Informal Assessment

“Purpose determines the content of the assessment” (Shepard et al., 1998, p. 6). Why do we need to test the knowledge of the student? What should be measured? The writers wrote a clear figure of the procedure for formal assessment. The assessment starts with identifying the appropriate task, with all the preparation needed for that task. Then when the results are back from the students, through observation or practical assessment. The teacher should reflect on the result are acceptable. When acceptable the test can be used for other years, and not be designed again. When the requirements are not acceptable the assessment should do again with extra training for the students. The writer’s advice that the same person who wrote the assessment also should give and examine the assessment (Hawthorne, 1977, p. 2). Then the assessment gives its full potential.

In the Preschool teachers use informal assessment, “paper-and-pencil test” (Shepard et al., 1998, p. 4) are not suitable for them. The preschool focuses more on physical well-being and motor development, social and emotional, language development, and cognitive and general knowledge (Shepard et al., 1998, p. 6). That is also an ongoing process whereby the teacher assesses some skills but continues with the process of development.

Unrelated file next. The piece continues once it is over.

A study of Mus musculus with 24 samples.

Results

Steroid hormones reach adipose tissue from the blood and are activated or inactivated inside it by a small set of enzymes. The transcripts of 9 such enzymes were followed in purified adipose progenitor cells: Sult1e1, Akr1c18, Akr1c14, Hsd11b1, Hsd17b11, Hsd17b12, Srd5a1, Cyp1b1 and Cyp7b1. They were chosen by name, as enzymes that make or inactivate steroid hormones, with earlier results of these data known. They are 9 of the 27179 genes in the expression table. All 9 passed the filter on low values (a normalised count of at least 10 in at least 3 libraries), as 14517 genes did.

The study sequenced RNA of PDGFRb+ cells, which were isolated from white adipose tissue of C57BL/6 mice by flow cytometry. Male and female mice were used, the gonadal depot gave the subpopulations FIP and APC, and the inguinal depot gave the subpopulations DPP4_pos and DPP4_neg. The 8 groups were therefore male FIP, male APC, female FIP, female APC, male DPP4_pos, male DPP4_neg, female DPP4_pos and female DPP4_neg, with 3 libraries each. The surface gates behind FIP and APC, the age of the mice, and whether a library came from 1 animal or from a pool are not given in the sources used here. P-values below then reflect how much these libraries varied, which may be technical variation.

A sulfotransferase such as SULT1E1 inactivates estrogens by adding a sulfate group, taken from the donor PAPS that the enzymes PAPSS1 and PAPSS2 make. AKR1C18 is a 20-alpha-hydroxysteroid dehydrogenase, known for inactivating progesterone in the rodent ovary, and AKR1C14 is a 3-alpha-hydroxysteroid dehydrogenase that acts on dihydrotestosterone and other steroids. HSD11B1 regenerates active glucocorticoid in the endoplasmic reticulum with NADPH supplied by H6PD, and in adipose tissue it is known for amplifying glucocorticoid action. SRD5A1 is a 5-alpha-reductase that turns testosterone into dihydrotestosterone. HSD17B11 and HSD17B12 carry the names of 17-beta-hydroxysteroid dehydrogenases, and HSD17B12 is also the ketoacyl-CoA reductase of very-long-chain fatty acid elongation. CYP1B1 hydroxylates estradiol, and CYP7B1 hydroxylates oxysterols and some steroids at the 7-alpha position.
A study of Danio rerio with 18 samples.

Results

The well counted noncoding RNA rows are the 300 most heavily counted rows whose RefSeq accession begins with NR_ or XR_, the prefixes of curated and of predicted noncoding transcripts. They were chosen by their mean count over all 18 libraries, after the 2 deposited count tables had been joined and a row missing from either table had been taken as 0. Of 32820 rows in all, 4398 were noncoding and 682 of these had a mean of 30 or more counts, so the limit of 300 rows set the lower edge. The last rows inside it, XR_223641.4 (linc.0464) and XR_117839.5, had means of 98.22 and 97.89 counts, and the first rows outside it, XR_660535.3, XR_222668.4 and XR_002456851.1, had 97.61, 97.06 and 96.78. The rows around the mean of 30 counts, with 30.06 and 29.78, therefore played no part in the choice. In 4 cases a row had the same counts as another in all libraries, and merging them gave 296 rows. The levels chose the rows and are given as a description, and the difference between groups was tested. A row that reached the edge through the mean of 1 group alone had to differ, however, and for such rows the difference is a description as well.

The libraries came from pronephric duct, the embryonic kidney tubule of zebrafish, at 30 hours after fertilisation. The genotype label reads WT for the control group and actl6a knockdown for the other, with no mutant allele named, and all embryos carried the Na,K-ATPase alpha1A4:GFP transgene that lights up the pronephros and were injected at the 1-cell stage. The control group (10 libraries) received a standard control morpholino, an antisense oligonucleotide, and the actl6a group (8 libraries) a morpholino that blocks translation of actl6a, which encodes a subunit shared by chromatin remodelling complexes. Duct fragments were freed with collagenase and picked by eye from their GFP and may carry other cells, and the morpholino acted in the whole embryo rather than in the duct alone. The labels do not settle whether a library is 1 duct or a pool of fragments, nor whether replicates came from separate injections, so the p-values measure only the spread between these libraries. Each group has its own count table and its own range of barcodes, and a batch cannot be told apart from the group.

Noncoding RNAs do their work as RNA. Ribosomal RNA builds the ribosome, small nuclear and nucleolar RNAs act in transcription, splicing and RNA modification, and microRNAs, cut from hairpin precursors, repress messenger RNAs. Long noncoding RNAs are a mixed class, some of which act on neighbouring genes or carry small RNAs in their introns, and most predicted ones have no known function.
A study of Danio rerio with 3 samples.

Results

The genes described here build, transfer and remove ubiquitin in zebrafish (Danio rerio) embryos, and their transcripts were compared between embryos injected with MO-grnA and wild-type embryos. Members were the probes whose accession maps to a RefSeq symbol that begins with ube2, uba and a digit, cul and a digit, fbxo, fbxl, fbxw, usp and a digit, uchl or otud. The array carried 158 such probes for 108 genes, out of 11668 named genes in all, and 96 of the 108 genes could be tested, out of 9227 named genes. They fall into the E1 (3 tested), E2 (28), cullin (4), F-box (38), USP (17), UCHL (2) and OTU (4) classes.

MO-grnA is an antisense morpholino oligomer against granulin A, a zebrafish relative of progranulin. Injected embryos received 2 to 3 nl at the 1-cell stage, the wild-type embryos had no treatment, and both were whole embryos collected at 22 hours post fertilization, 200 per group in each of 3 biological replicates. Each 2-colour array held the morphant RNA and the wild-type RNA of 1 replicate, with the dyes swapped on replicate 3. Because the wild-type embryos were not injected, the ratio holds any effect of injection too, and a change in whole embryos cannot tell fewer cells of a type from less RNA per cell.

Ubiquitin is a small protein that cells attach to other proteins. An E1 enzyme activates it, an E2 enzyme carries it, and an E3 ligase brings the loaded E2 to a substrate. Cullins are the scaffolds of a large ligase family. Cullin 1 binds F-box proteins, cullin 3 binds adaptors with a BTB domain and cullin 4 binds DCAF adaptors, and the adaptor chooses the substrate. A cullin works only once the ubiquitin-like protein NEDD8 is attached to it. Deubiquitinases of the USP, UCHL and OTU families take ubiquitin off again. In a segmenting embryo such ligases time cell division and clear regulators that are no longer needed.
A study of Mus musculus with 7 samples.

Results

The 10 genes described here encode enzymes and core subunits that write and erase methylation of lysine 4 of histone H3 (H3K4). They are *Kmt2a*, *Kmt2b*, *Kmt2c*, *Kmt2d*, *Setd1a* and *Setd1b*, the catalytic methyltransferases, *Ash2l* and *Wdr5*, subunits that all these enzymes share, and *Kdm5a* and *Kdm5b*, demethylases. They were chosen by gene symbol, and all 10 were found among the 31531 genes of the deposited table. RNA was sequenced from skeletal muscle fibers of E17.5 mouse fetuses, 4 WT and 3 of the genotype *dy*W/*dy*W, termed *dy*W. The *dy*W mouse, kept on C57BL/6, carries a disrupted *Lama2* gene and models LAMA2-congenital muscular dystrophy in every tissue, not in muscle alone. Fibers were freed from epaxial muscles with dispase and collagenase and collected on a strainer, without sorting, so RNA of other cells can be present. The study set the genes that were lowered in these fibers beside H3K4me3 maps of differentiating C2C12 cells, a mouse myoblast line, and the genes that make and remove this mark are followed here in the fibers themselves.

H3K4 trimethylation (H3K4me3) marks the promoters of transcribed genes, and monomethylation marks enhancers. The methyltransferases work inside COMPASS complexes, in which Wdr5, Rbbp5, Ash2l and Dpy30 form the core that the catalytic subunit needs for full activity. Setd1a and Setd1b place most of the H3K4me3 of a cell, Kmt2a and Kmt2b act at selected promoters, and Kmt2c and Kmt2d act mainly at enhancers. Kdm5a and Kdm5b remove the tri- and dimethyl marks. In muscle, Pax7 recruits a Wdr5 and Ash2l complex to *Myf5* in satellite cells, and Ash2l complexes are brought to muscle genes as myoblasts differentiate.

Parents should have encountered more regular with the teachers. They should want to know how the child is developing. The teacher should collect and share samples of work with the parents. The contact between the professionals and parents are very important. Expectations of the child`s development should be shared with the parents. Also the behaviour and skill demonstration at home and in the school should be discussed.

Formal assessment should not be in the Preschool, the children are not ready to be tested. The writer of this document argues that it should be postponed to the third grade (Shepard et al., 1998, p. 11). The informal assessment should be done for an internal purpose, to find the children that are struggling and need special needs, to improve the curriculum and teacher’s instruction.

In creative arts, there are many ways to have informal assessments. With work samples, group discussions or questionings. It is all to help the teacher and the child to develop their skills, and to succeed in the educational future.

Reference list

Hawthorne, L. W. (1977). Informal Assessment for the Classroom. Focus on Exceptional Children, 16.

Shepard, L., Kagan, S. L., & Wurtz, E. (1998). Principles and Recommendations for Early Childhood Assessment. 44.